Sunday, March 29, 2009

STI: Waiting 30 years to save face

March 15, 2009

Waiting 30 years to save face

By Teo Cheng Wee


It was with no small amount of glee that I grabbed my new identity card about two weeks ago.

Staring at the shiny pink card, I smiled goofily at my face smiling back at me.


I have never been so happy to see me.


Yes, I couldn't wait to get rid of my old IC. In fact, I've been waiting for more than 10 years to junk that thing, but only got the chance recently because it's a legal requirement to change it when you're 30.


For years, that card has done me wrong. It lied about me. It misrepresented Teo Cheng Wee.


I mean, I look nothing like the person in that IC.


In that picture, my head is humungous. I look like I have a receding hairline, although I must have made that card when I was around 18. (I have hair okay, look at that lovely picture above this article if you don't believe me.)


And my skin - I had this strange sick, pasty,look-what-just-crawled-out-from- the-morgue face.


If that was the photo in my passport, I'm sure I would've been kicked out of every country I tried to visit (except Romania, where I might've been able to enter as a very bloated Count Dracula).


So, thank goodness, that card is dead. May it rest in peace.


I still remember the day the picture was snapped - I took an instant photo because I didn't have a current picture.


I stepped into a booth, the flash went off in my face, I came out, went into the booth again because I blinked, pop, three, two, one, and the Horrible Photo was ready.


Nobody, by the way, misses an ugly photo.


I should know. I have lost count of the number of times people have spotted the photo on my driver's licence - another visual disaster - even if I only flicked my wallet open for a nanosecond, and insist on seeing it. (And laughing very loudly.)


It used to be the first card in my wallet. Now I keep it in my underwear.


That's the thing about passport-sized photos: Sometimes I wonder if they are meant to identify or humiliate you, because they are invariably ugly.


After all, when people take passport photos, the odds are seriously stacked against them.


Think about it: You probably took it in a rush (you don't care because it's just a stupid passport photo), maybe in between chores, maybe during your busy lunch hour, maybe after a bad day at work when your boss gave you hell.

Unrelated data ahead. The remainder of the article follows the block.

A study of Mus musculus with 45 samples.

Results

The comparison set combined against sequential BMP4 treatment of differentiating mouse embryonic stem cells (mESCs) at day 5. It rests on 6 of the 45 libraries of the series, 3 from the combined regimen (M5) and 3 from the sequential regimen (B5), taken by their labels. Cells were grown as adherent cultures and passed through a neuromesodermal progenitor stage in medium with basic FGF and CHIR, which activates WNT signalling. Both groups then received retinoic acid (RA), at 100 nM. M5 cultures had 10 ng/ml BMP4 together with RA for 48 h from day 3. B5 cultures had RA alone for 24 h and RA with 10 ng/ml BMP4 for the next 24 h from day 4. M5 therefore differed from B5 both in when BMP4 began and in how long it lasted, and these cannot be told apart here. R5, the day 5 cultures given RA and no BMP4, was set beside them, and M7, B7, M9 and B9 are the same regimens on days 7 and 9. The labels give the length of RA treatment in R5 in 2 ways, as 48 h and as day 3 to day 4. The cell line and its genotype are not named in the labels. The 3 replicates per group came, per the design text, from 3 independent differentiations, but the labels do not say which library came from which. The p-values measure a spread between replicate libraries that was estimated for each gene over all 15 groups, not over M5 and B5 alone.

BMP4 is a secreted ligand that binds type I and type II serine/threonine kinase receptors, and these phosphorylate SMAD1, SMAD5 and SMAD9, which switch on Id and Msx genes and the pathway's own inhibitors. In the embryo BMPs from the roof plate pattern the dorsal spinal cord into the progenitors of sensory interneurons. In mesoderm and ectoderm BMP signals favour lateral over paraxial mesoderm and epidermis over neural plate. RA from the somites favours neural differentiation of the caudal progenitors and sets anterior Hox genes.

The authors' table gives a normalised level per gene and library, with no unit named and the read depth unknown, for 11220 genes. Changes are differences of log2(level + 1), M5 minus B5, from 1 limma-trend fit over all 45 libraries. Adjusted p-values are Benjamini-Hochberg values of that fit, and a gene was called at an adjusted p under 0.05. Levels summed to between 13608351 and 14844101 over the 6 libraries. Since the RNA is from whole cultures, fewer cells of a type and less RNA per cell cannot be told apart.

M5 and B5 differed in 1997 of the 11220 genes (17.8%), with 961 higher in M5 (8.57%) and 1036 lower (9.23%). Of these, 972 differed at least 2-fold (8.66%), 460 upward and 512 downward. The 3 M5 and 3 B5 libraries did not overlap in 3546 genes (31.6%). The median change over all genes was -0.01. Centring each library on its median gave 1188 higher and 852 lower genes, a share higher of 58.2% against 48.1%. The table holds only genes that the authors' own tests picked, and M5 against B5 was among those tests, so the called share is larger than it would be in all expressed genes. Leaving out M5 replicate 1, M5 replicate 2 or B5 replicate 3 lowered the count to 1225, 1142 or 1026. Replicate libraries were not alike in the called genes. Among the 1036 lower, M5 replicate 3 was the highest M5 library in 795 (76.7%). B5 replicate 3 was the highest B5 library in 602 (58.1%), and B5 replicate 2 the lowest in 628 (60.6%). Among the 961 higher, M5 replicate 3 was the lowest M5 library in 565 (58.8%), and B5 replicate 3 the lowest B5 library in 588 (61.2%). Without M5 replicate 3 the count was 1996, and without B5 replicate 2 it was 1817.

Is it really possible to take a decent picture under those circumstances?


Compare that with the normal times when people take pictures.


At a party, with your cheeks reddened by alcohol and the dim lighting softening the flaws on your skin.


Or on holiday, with your sun-kissed skin looking radiant as you relax by the beach.


Plus there so many other things to distract you in normal photos. The clothes, the other people, the scenery.


In a passport photo, it is. Just. Your. Face. You better look like a young Sinead O'Connor if you want to pull this off.


I'm also one of those people who needs to smile naturally - maybe have someone snap a photo after showing me something funny.


That's because I find it hard to do the 'say cheeeeeese' kind of smile. If I'm forced to produce - then hold - a smile, it usually results in an awkward smirk-


grimace expression, as if someone told me a bad joke, stepped on my foot, then quickly clicked the shutter.


I might, on a very good day when the heavens are smiling on me, be able to take an okay photo. Unfortunately these days don't come very often.


Things have, thankfully, improved dramatically with digital photography.


With the old instant photo booth, I got one shot. Now I can give my mug a second chance. Or third. Hence my new, decent, non-Dracula photo in my latest IC.


After I stopped swooning at myself, I asked the customer service personnel: 'So when is the next time I need to change my IC?'


'That's it. This will be the one you're using for the rest of your life,' she replied.




Now I just need to find out when it's time to replace my driver's licence.